Policy: Antimicrobial Resistance and One Health
13 February 2018 article
Tackling antimicrobial resistance requires a coordinated ‘One Health’ approach involving human and animal health and environmental stakeholders. Participants at the Society’s Focused Meeting on Antimicrobial Resistance and One Health discussed how to better inform One Health policy with science.
Antimicrobial resistance (AMR) is a common challenge for health, agri-food and environmental sectors. In 2016, United Nations member states agreed to develop "multi-sectoral national action plans, programmes and policy initiatives, in line with a One Health approach and the global action plan on antimicrobial resistance”.
Better informing AMR policy with science
It is important that AMR initiatives and policies are informed by scientific evidence. Research grant applications usually require scientists to consider the potential wider impact of their research, stakeholder engagement, and measurable deliverables. However, scientists and policy-makers often speak a different language and work to different timescales and priorities, which can make it difficult for both groups to communicate effectively with one another. Last year, at the Microbiology Society’s Focused Meeting on Antimicrobial Resistance and One Health at Maynooth University in Ireland, a workshop involving researchers and representatives from funders and government agencies explored barriers and opportunities for translating research into One Health policy. Effective One Health AMR policy requires excellent scientific evidence and surveillance data across humans, animals and the environment. Research on these different components must be equally valued by policy-makers, and be supported with the necessary funding and infrastructure.
Better data for better policy
Workshop participants called for more international, multidisciplinary funding to support One Health AMR research. They also felt there was often a lack of coordination between research funders to link all three elements of One Health, although there have some positive examples of One Health funding calls, including under the European Joint Programming Initiative on AMR (JPIAMR).
However, when available data on AMR in a country is limited, for example, to just surveillance in humans, it is very difficult for research to promote and inform effective One Health policies. One example is the European Antimicrobial Resistance Surveillance Network (EARS-Net) surveillance data for resistance in hospital-acquired infections. On these maps it is possible to identify countries with specific problems such as carbapenem-resistant Enterobacteriaceae, but it is not possible to identify if these resistant bacteria are present in livestock infections and in the environment via animal waste.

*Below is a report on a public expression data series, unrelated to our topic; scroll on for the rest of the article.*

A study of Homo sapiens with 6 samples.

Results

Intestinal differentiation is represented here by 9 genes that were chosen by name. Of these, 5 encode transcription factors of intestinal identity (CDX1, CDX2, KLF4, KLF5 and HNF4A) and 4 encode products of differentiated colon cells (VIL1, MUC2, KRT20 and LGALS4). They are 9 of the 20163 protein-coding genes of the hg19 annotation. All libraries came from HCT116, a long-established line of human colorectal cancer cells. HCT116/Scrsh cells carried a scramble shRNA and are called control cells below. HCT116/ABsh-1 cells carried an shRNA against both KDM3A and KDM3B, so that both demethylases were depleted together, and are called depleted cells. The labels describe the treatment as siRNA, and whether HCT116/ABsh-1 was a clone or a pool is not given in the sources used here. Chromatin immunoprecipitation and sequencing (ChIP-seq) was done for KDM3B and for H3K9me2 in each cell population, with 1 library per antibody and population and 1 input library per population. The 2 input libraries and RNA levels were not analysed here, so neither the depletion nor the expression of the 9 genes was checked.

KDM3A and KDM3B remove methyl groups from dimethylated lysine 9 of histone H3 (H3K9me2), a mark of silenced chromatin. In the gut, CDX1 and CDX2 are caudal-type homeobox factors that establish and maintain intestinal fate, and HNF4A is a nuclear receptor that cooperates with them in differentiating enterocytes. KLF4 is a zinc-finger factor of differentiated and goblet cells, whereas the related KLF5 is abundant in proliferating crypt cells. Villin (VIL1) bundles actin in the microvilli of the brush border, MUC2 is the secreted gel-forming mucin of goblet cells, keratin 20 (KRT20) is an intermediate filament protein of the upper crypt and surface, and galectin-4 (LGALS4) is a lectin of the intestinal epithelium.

Participants also identified the need for experts across all sectors to better collaborate to agree common methods and standards for monitoring AMR in humans, animals and environments. Recent AMR action plans, including those published by Ireland and the European Commission, set out tackling AMR with a One Health approach. Hopefully, additional funding and coordination will improve surveillance data across all One Health areas, informing better agricultural and environmental policies to address the emergence and transmission of AMR in the food chain, and improved public health policies to minimise the transfer of novel AMR mechanisms into human pathogens.
Promoting interdisciplinary knowledge exchange
Participants also felt that the One Health focus of the conference at Maynooth University provided a unique opportunity for knowledge exchange between different sectors and stakeholders and a further need for such multidisciplinary meetings. They identified that different sectors and stakeholders need to better collaborate to develop shared priorities, methods and standards, for example, in how they monitor antibiotic use and conduct surveillance of AMR. We can all understand the commonality of AMR in each sector and learn from each other. Participants discussed common challenges for public health and agriculture, including working with the public and farmers to reduce usage of antibiotics, and the need to develop alternative therapeutics to antibiotics.
Supporting researchers to communicate their science
In addition to securing research funding, and conducting and publishing research, scientists are expected to effectively communicate their research to a wide range of stakeholders, from the public to policy-makers. Participants identified that professional bodies, learned societies and other intermediary groups have an important role to play bringing together the AMR research community’s expertise to highlight funding and capacity needs to governments, and supporting scientists to effectively communicate and translate their research into policy. It is also important to appropriately communicate the risk posed by AMR for health and food security and safety, and the scientific evidence behind this to the public, raise awareness, to inform behaviour change and promote government and industry to take action.
Engage through the Microbiology Society
The Microbiology Society enables members to engage with and inform policy-makers about AMR and other microbiological issues. For example, responding to policy consultations, producing policy briefings and collaborating with the Learned Society Partnership on AMR (LeSPAR). We are always keen to hear from members working on AMR who want to inform policy to maximise the impact of microbiology.
We would like to thank the participants of the policy workshop at the AMR and One Health Focused Meeting.
Department of Biology, Maynooth University, Maynooth, Co. Kildare, Ireland
Policy Manager, Microbiology Society
Image: Participants at the Antimicrobial Reistance and One Health Focused Meeting policy session. Fiona Walsh.